The Lost Town of Vidisha – Under the Shadow of Sanchi
Certain circuits in India are so abundant in archaeological heritage that it is almost impossible to do justice to all of them. While a few of them have been lucky to achieve worldwide fame and consequently more funds to maintain themselves, there are thousands of hidden or neglected treasures scattered all over the country. Hardly a surprise, considering the antiquity of the civilization.
The dusty town of Vidisha in Madhya Pradesh is one such location whose current condition does not quite do justice to its glorious past. As an important trading post at the centre of the subcontinent, Vidisha or Besnagar has been mentioned in many ancient scriptures and apparently it thrived as early as 5th or 6th century BC, thus making it one of the most important archaeological sites in India. Among others, Ashoka the Great himself used to be a governor here during his father’s reign and married a local princess.
As of now, it is a typical hinterland town generally used as a resting point to visit the Sanchi Stupa as it is the nearest major railway station. Sanchi is one of the more privileged destinations here, being a UNESCO World Heritage Site. The sprawling complex has been masterfully restored and is immaculately maintained, drawing thousands of visitors every year. But in comparison, many other sites are scattered in and around the town of Vidisha. Let us have a look at some of them.
As an important trading post at the centre of the subcontinent, Vidisha or Besnagar has been mentioned in many ancient scriptures and apparently it thrived as early as 5th or 6th century BC, thus making it one of the most important archaeological sites in India. Among others, Ashoka the Great himself used to be a governor here during his father’s reign and married a local princess.
The Udayagiri caves follow the same glorious tradition of the famous rock cut caves that dot the country. While not as famous as the likes of Ajanta and Ellora, Udayagiri is one of the most important remnants of the Gupta Era that thrived between the 4th and 6th century AD. It is not more than 10 kms from Vidisha town and any three-wheeler can take you there in 20 minutes. It is a cluster of 20 caves, containing Hindu and Jain sculptures.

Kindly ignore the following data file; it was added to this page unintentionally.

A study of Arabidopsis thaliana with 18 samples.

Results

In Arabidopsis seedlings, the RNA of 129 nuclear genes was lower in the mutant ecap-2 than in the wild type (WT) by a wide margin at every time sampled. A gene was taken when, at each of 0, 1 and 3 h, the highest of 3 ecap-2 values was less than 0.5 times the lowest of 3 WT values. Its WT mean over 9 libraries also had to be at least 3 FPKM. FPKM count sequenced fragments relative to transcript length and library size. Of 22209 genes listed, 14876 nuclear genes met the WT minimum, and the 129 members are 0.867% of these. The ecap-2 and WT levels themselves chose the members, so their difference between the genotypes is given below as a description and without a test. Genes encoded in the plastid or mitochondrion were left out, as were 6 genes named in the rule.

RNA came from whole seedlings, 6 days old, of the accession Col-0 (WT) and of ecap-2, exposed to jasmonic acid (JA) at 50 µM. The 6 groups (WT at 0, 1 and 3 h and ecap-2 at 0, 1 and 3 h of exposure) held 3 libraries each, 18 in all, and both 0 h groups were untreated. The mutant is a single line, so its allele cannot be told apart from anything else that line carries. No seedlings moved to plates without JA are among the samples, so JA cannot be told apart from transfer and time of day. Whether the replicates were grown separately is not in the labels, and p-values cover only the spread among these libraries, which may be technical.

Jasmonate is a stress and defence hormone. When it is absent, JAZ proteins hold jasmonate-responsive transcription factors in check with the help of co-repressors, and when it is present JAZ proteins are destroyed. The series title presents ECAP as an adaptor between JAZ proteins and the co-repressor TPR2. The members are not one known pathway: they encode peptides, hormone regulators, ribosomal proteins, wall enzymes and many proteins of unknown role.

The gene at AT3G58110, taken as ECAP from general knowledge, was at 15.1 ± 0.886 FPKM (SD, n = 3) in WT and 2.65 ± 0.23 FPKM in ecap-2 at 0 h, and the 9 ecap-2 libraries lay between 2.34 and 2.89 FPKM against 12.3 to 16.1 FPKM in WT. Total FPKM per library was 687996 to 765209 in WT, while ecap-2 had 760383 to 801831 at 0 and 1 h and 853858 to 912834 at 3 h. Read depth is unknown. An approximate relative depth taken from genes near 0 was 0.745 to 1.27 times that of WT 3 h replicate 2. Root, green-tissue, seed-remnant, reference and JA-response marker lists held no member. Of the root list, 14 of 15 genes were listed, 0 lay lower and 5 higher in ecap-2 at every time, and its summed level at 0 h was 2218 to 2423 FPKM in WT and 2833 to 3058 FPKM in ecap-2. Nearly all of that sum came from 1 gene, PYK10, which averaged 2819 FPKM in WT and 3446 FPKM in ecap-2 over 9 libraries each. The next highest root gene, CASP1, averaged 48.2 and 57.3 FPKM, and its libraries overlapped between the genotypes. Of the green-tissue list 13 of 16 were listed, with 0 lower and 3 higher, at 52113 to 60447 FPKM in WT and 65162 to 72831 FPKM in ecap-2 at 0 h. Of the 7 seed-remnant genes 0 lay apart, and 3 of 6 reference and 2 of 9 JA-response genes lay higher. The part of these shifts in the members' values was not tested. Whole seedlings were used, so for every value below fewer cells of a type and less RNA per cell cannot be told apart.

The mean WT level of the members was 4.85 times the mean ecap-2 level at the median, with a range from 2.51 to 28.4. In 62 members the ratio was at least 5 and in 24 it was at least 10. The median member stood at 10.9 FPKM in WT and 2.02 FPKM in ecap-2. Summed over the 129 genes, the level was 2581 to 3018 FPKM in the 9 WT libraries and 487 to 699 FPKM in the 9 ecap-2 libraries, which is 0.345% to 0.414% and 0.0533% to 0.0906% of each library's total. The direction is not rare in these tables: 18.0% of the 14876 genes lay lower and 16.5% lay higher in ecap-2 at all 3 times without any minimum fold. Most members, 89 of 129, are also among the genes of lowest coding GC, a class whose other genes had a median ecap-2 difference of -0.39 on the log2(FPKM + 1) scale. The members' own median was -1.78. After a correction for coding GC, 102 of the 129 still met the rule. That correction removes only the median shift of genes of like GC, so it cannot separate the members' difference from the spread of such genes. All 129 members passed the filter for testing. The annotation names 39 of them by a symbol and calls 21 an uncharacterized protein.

Not all the caves are still in good condition. Some of them remain locked for “maintenance activities” that seem to last forever. Among the accessible ones, the most striking one is the Cave No. 5 with its intricate sculpture of Varaha, the third incarnation of Lord Vishnu. It depicts the creation of order out of chaos by the avatar, accompanied by personified forms of the earth goddess Prithvi and the rivers Ganga and Yamuna. Other noticeable artifacts include the strange Shiva Linga within Cave No. 4 with the face engraved on, and the large sculpture of a majestic reclining Vishnu inside Cave no. 13 in the classical Ananta Shayya position with the serpent Adi Shesha.
One does not even have to buy tickets to enter this compound. There are a couple of caretakers who gladly show people around for a small tip, which is the least the visitors can do in order to cheer them up and ensure the survival of this archaeological masterpiece.
As the name suggests, the Heliodoros Pillar is just a pillar. But there is an interesting backstory to its outlandish name. It is not very far from Udayagiri and the locality is surrounded by squalid cowsheds. The Bactrian Greeks mostly remained limited to the North Western India, thus making such a Greek heritage an unexpected find so deep down in the Vindhyas. But according to the Brahmi and Prakrit inscriptions on the pillar, it was gifted to the local king by a Greek ambassador called Heliodoros from Taxila. He evidently embraced Hinduism and this pillar was meant to honour Lord Vasudeva (Vishnu). Considering the time frame of Indo-Greek rendezvous, it must be even older than the Udayagiri Caves.
An interesting stop right inside the town of Vidisha is the Bija Mandal. It houses the remains of an 11th century Parmara temple with some vital inscriptions and intricately crafted artifacts. More importantly, it represents a different era altogether – the Golden Age of India. The ancient city of Vidisha disappeared for a couple of centuries after the fall of the mighty Guptas. It bounced back later in the medieval times under the reign of the Rajput dynasties – the Parmaras being one of them.
The museum of Vidisha is also worth a visit for lovers of antiquity. Apart from that, there are many small locations nearby that preserve many unexplored gems of Madhya Pradesh. Places like Gyaraspur, Eran and Sironj are just waiting for their stories to be recounted. As for Vidisha, the administration restored the official name to its classical form a few decades ago instead of the corrupted “Bhelsa”. It’s high time the Indian tourist developed an awareness of its own rich heritage, makes efforts to uncover these dusty treasures far from the touristy madhouses, and demands the better amenities and maintenance that this erstwhile royal city deserves.